Behind-the-scenes of film industry always interested Vikramaditya Motwane

Behind-the-scenes of film industry always interested Vikramaditya Motwane

Did you know director Vikramaditya Motwane had asked his actors not to watch any film from the 1940s or 1950s before they started shooting for the period drama ‘Jubilee’? Motwane wanted his actors to follow the script and come up with authentic performances. And that’s exactly what happened with ‘Jubilee’, the ‘Prime Video’ series, which has become the talk of the town ever since it started streaming.

The stunningly shot 10-episode miniseries recreated the ‘Golden Era of Bollywood’ and stars Bengali superstar Prosenjit Chatterjee, Aditi Rao Hydari, Aparshakti Khurana, Ram Kapoor, Sidhant Gupta, Wamiqa Gabbi and Nandish Sandhu. Interestingly, apart from Prosenjit, Aditi and Ram, almost all the actors had to audition for ‘Jubilee’.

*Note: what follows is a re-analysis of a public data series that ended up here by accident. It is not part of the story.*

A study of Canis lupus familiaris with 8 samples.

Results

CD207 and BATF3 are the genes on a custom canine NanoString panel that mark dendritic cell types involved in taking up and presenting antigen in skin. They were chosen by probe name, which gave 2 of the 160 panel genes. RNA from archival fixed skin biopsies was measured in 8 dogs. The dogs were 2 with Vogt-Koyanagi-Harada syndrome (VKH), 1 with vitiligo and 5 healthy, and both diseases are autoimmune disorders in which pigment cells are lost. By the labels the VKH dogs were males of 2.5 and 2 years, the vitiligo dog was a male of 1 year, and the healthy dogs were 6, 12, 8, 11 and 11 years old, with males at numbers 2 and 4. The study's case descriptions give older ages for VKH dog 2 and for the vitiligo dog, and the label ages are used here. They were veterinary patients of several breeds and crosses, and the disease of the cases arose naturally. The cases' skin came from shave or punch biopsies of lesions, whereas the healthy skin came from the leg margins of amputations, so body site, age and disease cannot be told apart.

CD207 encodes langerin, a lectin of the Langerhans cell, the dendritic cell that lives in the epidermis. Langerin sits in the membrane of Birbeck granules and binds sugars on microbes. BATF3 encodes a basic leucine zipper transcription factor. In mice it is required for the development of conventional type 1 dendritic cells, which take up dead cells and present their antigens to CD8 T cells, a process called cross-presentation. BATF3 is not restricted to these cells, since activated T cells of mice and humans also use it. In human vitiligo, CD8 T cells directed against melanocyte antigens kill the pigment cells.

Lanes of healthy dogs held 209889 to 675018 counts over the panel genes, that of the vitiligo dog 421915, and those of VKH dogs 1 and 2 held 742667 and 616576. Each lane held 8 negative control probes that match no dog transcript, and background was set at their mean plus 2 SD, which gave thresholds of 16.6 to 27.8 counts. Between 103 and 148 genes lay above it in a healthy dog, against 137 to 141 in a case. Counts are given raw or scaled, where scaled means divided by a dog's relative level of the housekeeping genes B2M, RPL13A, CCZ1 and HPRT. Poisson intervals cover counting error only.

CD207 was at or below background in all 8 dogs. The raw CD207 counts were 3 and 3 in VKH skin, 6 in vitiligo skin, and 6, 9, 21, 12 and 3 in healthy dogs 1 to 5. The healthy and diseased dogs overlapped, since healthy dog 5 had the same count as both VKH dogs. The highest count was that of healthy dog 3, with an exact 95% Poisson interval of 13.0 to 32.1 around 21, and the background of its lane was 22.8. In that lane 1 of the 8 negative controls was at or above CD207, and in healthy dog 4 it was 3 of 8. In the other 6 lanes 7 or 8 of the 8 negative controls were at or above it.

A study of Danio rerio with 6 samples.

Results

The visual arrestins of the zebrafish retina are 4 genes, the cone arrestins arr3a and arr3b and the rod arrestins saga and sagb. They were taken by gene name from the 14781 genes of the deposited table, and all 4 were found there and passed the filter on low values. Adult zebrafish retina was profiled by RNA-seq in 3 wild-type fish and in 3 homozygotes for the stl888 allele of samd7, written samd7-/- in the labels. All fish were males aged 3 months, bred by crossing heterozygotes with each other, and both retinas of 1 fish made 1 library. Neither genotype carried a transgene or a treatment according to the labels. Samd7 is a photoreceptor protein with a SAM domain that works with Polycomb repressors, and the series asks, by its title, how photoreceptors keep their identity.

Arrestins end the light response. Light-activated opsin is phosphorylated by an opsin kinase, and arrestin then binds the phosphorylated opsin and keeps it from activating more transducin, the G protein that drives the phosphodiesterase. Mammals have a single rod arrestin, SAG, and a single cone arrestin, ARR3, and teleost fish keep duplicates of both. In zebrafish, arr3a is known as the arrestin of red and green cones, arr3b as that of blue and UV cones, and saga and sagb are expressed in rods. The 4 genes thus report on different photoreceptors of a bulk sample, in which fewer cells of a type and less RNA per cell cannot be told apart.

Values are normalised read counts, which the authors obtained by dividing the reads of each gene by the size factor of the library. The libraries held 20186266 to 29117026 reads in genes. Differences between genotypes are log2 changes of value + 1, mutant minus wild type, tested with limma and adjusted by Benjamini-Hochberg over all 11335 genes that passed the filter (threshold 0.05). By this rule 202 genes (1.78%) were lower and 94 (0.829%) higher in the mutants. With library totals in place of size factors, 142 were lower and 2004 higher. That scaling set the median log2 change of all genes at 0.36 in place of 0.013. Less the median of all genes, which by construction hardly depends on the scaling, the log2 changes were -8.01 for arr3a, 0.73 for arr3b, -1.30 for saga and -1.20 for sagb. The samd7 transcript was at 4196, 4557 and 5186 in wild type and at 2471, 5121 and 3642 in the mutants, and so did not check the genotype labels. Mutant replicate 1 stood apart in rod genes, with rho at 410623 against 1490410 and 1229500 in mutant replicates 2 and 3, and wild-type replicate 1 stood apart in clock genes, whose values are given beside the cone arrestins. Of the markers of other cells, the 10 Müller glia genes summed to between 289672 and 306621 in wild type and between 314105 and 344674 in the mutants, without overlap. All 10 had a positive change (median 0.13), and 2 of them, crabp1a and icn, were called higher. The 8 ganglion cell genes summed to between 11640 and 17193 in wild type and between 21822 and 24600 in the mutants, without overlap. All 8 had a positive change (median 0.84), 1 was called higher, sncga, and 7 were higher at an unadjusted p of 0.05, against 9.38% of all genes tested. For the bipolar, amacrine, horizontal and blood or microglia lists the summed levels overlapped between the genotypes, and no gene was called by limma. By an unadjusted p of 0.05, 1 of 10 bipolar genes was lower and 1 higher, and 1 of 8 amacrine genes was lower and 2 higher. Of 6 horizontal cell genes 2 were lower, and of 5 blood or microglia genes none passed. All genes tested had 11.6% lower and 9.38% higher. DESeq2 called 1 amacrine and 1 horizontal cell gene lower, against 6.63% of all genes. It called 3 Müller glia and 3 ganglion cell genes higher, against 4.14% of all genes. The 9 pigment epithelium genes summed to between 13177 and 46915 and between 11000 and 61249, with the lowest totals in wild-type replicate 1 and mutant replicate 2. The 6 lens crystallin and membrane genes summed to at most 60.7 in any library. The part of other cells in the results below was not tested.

“I had watched dada (read Prosenjit) in ‘Autograph’ and ‘Chokher Bali’. Then, I watched him in ‘Shanghai’. Apart from his charismatic screen presence, he is also well-versed in Hindi. So, I knew I needed him to be Srikant Roy in ‘Jubilee’. He has a certain grace and dignity. Though he plays a grey character, you won’t consider him to be a villain once you watch the series,” said Motwane.

Born to a Bengali mother and a Sindhi father, Motwane has been one of the most influential filmmakers of Bollywood ever since he made his debut with ‘Udaan’ in 2010. The film was selected to compete in the ‘Un Certain Regard’ category at the 2010 Cannes Film Festival. Later, all his films, be they ‘Lootera’, ‘Trapped’ or ‘AK vs AK’, have a language of their own.

Through ‘Jubilee’, the director also pays a loving tribute to his grandfather, who produced ‘Andolan’ in 1951.

“Even when I was growing up, I didn’t know for a long time about ‘Andolan’. The film didn’t do well, so nobody spoke about it in the family. I decided to pay a small tribute to him,” said Motwane during his visit to Kolkata.

Since the time Motwane was working as an assistant director (for Sanjay Leela Bhansali), he was enamoured by the behind-the-scenes of making a film.

“The first film I ever wrote was also a story based on the Indian film industry, but it never got made. I made ‘AK vs AK’, which is also in the film industry. Though a lot is inspired, ‘Jubilee’ also has moments of imagination,” he said.